Thursday, July 9, 2015

The hurricane part 1

Today we are going to examine another deadly storm.  Very different from the tornado…. The hurricane. 

A hurricane is huge.  Unlike the tornado, a hurricane can measure 600-700 miles in diameter.  Winds near the center of the storm can reach speeds up to 200 miles an hour.  Whereas a tornado lives on land, a hurricane can only form and survive over warm ocean waters.  In the center of a hurricane is an eye.  In the eye, winds are calm or very light, the sky above is clear.  The diameter of the eye can vary greatly, sometimes measuring only a few miles in diameter to as much as 30-40 miles.  While the winds around the eye swirl at 75 to 200 miles an hour, the storm itself usually has a forward speed of only 12-25 miles an hour.

So, let’s see how these storms form, when and where.  For a hurricane to form, it must be, of course, over the ocean.  The ocean water must be at least 80 degrees Fahrenheit but it should be warmer.  Hurricanes cannot form on the equator because there is no Coriolis force at the equator. It is the Coriolis force that causes the spin in the hurricane. As a result, hurricanes generally form 5-15 degrees north or south latitude from the equator.

When is the hurricane season?  In the Atlantic Ocean, the season starts June 1st and ends November 30th.  
In the Pacific Ocean the season starts May 15th and ends November 30th.

Let’s go through the stages in development of a hurricane.  In the Atlantic, these storms usually start out as a weak low pressure system that drifts westward with the trade winds.  We call this a tropical wave. After a few days, this area gets better organized, thunderstorms containing heavy rains and gusty winds expand.  We now call this area a tropical depression.  As further development takes place and the winds exceed 38 miles an hour, we now label this as a tropical storm.  If this area continues to strengthen, it will be upgraded to a hurricane when the winds reach 75 miles an hour.  Hurricanes can and do continue to strengthen.  There is a scale to measure the strength of a hurricane. It is called the Saffir-Simpson hurricane scale.  The weakest hurricane, a category 1 hurricane, has winds between 75 and 95 miles per hour. A category 2 hurricane has winds of 96 to 110 mph.  Category 3 exhibits winds of 111 to 130 mph.  These storms cause extensive damage.  When the winds reach speeds of 131 to 155 mph, the storm is deemed a category 4 hurricane and the damage is extreme.  Hurricanes with winds over 155 miles per hour are labeled category 5 hurricanes.  These storms do catastrophic damage.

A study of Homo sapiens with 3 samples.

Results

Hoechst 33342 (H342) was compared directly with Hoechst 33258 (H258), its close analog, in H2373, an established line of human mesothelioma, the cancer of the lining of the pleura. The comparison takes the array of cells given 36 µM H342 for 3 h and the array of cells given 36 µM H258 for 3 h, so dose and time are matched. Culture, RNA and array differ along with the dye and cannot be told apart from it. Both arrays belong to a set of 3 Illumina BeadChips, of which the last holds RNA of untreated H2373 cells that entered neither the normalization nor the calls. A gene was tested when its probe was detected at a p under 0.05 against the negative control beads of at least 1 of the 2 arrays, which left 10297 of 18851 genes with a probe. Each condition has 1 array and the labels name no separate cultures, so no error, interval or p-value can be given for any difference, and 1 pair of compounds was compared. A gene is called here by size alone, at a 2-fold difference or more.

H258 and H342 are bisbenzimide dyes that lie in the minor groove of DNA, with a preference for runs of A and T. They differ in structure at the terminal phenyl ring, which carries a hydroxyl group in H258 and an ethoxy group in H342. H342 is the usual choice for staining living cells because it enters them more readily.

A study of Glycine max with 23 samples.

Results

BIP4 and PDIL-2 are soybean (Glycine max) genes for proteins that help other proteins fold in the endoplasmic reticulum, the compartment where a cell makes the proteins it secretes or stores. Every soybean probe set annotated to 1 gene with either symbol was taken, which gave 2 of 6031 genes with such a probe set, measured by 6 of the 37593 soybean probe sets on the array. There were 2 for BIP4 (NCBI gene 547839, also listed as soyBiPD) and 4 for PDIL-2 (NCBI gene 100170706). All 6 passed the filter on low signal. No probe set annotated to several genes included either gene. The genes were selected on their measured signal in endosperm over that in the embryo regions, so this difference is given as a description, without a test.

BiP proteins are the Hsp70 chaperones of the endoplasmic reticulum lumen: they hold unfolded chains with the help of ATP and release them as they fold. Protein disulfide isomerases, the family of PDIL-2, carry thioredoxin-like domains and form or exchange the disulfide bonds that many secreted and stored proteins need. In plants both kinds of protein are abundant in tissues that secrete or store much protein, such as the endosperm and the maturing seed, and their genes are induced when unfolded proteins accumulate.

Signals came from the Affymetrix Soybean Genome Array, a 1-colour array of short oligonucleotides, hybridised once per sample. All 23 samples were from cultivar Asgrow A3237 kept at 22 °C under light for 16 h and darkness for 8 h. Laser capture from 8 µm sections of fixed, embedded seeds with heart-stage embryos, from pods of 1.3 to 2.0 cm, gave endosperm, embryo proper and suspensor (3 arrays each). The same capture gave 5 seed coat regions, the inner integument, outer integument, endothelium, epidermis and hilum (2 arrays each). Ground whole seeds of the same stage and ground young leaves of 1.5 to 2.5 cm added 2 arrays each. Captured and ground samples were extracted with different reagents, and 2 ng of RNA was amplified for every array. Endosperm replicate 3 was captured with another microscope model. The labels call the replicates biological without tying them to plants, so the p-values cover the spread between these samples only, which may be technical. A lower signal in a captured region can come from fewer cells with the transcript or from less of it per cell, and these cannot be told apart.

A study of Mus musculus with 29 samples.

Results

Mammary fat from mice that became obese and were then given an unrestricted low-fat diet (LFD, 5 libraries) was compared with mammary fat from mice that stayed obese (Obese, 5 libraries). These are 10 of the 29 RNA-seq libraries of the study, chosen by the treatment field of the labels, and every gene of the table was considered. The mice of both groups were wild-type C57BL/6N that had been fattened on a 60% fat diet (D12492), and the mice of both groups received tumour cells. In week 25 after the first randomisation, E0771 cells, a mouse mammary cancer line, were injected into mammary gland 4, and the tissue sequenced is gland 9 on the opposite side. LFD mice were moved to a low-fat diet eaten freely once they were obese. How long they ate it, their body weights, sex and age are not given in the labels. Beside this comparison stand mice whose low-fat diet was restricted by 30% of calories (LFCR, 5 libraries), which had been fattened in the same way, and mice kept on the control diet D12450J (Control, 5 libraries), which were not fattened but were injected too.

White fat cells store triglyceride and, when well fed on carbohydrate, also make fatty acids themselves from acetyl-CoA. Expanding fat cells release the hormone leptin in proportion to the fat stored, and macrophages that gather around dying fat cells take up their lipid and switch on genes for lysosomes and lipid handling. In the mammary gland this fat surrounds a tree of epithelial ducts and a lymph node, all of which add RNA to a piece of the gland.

One might think most lives are lost during hurricanes because of the strong winds.  While some lives may be lost as a result of winds, it is water associated with hurricanes that cause the most deaths. As winds spiral around the storm they push water into a mound at the storms center.  As the storm’s center approaches land, it is this mound of water that rushes ashore causing devastating floods.  A surge of 18-20 ft. of water is not out of the question.  This wall of water can knock down buildings, and sweep people out to sea. It is called the storm surge; it is the real killer.  And lately, as scientists delve deeper into the nature of hurricanes, they are finding more and more unusual occurrences.  For example, scientists are now discovering that when hurricanes come ashore, they spawn tornadoes.  Sometimes many, many tornadoes.  We know the damage tornadoes can do.  So, in addition to the flooding and wind damage normally associated with hurricanes, we can now add tornado damage to hurricanes.
In order to identify hurricanes better, in 1953, the United States weather bureau began naming hurricanes. They gave hurricanes women’s names.  Until 1979, only women’s names were used.  In 1980, they decided to alternate men’s and women’s names.  If a hurricane becomes infamous causing great damage and loss of life, that name is permanently retired, never of course, to be used again.